The Lost Coin

11 07 2007

     I ran into someone a few days ago who was doing a bible study on God’s judgement.  Specifically, they were looking at the places where scripture says things like, “Don’t you know that those who do wrong will have no share in the Kingdom of God?  Don’t fool yourselves.  Those who indulge in sexual sin, who are idol worshippers, adulterers, male prostitutes, homosexuals, theives, greedy people, drunkards, abusers, and swindlers- none of these will have a share in the Kingdom of God.” 1Corinthians 6: 9&10
      This person was studying and wondering if, perhaps, we have been wrong to assume that, having done these things, we can still think we can be saved from judgement and damnation. 
      It’s the usual evangelical statement that no matter what you’ve done, if you accept Christ you’re in.  Under this theory, you should expect to greet Dahlmer near the pearly gate.  It doesn’t matter what you’ve done: if you repent and ask God’s forgiveness, you’re forgiven.
      But my friend is questioning this.  There are a lot of places where you could read the verses to indicate otherwise.  Jesus himself said that unless you forgive, you will not be forgiven.  What if I slip on some kool-aid and die while I’m still hacked off at my son for leaving his shoes under the table?
      There was a story circulated a couple years ago about a pastor in Africa who was resurrected after being dead and embalmed for a day or so.  He claimed he was taken by angels to see hell, and that they told him that because he died while he was mad at his wife, he would have ended up there.  Only of course, he went back for a second chance.
      This story really upset me, and so did my friend’s questioning.  Because you see, I’m one of the adulterers and idol worshippers and greedy unforgiving people in that verse at the top of the page.  Jesus specifically says that if you’re divorced or marry a divorced person, you’re committing adultery!  There were no extenuating circumstances mentioned.  Since I am divorced and remarried to a divorced man, I’m guilty on both counts.
      So if eternal condemnation for anyone who has remarried after divorce is what that verse means, it doesn’t matter how sorry I am, or what I do from here on out- it’s too late for me.  I’m out.
      I just can’t believe that.  It just doesn’t match the God I know.  He says He’s slow to anger and abounding in mercy, that He’s willing for all to be redeemed.  The bible also says that though my sins be as scarlet, He will wash them whiter than snow.
      Jesus tells a story about a woman who lost a coin.  She tore her house apart looking for it.  (I know just how she felt, because I tear my whole house apart a couple times a week looking for my car keys or a lost tennis shoe.)  When I think about the possibility that something I do or think wrong costing my salvation, I feel like that woman who lost her most precious treasure.  I want to tear my life apart until I fix it, until I find it again.  It makes me feel lost and desperate.
      If I don’t have that security in Christ, what do I have?
      If I could lose it, how can I ever feel safe again?  It frightens me.  To think that something in my past or some mistake in my future could tear me away from God terrifies me.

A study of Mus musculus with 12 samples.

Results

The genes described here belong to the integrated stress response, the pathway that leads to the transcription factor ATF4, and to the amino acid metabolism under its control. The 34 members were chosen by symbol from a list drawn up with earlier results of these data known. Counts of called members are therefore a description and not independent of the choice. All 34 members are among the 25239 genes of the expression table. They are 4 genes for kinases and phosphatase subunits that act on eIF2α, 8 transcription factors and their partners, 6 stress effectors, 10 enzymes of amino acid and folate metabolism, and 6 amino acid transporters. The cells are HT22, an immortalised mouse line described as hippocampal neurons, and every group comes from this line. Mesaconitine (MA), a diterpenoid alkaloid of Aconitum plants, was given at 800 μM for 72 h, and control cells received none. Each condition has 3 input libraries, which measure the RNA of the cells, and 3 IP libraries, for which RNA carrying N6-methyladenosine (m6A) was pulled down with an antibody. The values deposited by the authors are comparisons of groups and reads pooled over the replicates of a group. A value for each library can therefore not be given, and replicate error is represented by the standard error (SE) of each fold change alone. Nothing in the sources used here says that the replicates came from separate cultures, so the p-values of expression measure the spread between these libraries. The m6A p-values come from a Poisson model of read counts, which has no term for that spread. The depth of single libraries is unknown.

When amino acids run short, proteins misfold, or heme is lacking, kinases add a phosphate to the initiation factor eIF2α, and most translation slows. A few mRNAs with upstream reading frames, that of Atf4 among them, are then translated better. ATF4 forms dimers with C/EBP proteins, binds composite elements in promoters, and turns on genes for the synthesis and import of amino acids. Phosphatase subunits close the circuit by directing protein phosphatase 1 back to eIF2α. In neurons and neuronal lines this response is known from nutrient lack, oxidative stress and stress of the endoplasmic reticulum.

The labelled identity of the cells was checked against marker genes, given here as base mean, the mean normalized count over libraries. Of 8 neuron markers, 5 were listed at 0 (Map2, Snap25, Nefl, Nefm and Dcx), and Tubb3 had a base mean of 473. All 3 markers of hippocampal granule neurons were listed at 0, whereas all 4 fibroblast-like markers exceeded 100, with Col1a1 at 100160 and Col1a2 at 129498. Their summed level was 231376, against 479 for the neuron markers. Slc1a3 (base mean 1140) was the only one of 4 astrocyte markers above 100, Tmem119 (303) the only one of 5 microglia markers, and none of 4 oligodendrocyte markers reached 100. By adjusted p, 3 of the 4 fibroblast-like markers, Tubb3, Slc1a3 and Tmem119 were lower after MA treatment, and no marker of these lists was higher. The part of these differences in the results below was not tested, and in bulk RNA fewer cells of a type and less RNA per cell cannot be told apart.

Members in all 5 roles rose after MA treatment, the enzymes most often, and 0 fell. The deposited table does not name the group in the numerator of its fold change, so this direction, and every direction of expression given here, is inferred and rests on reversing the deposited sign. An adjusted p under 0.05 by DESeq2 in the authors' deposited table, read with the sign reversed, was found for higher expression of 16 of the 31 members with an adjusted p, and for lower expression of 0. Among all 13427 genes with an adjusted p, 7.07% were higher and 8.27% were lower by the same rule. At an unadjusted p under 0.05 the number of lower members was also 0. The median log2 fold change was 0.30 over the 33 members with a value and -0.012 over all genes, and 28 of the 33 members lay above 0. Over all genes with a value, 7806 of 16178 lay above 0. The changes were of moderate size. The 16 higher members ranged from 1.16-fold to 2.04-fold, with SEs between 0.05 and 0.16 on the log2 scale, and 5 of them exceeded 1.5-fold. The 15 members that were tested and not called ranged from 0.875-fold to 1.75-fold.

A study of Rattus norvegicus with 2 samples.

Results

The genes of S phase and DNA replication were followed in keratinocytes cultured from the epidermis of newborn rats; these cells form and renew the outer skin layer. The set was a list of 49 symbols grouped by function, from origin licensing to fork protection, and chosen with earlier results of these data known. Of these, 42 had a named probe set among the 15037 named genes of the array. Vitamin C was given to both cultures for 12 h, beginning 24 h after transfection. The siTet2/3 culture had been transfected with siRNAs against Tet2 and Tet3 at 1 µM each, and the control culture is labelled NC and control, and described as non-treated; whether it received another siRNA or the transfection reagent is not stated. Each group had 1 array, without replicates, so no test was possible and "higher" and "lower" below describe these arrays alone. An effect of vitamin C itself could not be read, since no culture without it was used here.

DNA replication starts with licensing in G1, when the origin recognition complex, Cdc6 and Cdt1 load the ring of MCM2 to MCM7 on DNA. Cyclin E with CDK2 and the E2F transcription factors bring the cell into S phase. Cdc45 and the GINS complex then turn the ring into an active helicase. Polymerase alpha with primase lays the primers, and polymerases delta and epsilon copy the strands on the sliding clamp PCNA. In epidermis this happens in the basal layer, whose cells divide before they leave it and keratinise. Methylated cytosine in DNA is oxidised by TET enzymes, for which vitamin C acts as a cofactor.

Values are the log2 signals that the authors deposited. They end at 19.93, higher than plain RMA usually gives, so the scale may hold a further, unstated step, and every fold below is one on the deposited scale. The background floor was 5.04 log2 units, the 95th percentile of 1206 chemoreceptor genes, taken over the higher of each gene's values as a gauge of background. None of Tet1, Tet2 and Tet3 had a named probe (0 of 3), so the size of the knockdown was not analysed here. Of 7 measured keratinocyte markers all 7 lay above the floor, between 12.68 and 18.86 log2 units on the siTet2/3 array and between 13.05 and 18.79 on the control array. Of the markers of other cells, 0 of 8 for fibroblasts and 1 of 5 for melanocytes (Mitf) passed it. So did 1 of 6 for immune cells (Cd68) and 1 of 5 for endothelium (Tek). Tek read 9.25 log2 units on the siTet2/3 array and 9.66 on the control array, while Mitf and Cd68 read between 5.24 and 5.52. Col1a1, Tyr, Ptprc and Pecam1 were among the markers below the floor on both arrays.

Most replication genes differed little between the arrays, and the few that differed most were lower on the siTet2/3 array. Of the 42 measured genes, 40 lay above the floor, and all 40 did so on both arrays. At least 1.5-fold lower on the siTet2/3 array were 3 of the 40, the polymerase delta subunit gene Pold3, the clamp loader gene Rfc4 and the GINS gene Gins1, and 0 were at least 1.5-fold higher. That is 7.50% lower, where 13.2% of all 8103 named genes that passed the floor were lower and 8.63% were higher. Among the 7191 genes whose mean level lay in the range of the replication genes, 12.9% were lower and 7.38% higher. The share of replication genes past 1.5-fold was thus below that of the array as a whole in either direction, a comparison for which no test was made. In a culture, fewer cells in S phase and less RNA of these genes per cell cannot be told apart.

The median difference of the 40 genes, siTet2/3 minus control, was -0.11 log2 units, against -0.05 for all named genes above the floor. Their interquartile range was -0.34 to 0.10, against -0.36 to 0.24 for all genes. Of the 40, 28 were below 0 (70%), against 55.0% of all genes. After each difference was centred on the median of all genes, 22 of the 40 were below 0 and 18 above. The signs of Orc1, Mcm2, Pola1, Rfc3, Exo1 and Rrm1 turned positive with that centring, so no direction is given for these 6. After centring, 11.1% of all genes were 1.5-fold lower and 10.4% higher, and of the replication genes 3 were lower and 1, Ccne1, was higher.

So here is my verse in response, from Romans 8:  “And I am convinced that nothing can ever separate us from his love.  Death can’t, and life can’t.  The angels can’t, and the demons can’t.  Our fears for today, our worries about tomorrow, and even the powers of hell can’t keep God’s love away.  Whether we are high above the sky or in the deepest ocean, nothing  in all creation will ever be able to separate us from the love of God that is revealed in Christ Jesus our Lord.”
      And will he condemn me for my past?  No.  “Who dares accuse us whom God has chosen for his own?  Will God?  No!  He is the one who has given us right standing with himself.  Who then will condemn us?  Will Christ Jesus?  No, for he is the one who died for us and was raised to life for us and is sitting at the place of highest honor next to God, pleading for us.”
       Here’s a bit from the same book, Chapter 9- “So recieving God’s promise is not up to us.  We can’t get it by choosing it or working hard for it.”  We can’t earn it by being good, or lose it by messing up.  It’s his gift to us.

I suppose this post is too long already, but I want to tell you about a vision I had once.  I saw an image of all of the people waiting in line after death to be judged by God.  The line passed through a narrow place between two hills.  Upon the hill on the right side, Christ stood.  His cross was there, but he wasn’t on it.  Instead, he was bending down over the heads of the people, touching his palm to their foreheads.  The nail marks in his hands left a mark of blood on their head, and those he touched were taken out of line.  It was sort of like bypassing customs- if you had the mark, you didn’t have to be judged for your sins.
      So everyone was crying out to him to touch them.  They were, like in the bible verse, crying out all the good things they had done.  Some of them were even “Christians” who had gone to church and expected to be chosen, but he didn’t touch them.  And I had the impression that some of the people he chose were suprised.  He will have mercy on whom he will have mercy.  The God who sees our hearts, our motives, and our intentions, our secret thoughts, our hidden sins and mercies, will know very well on the day of judgement who is HIS.




One response

12 07 2007

Thank you for that Angela. I especially enjoyed the last paragraph. God’s idea of mercy has a way of throwing a wrench into todays religious system.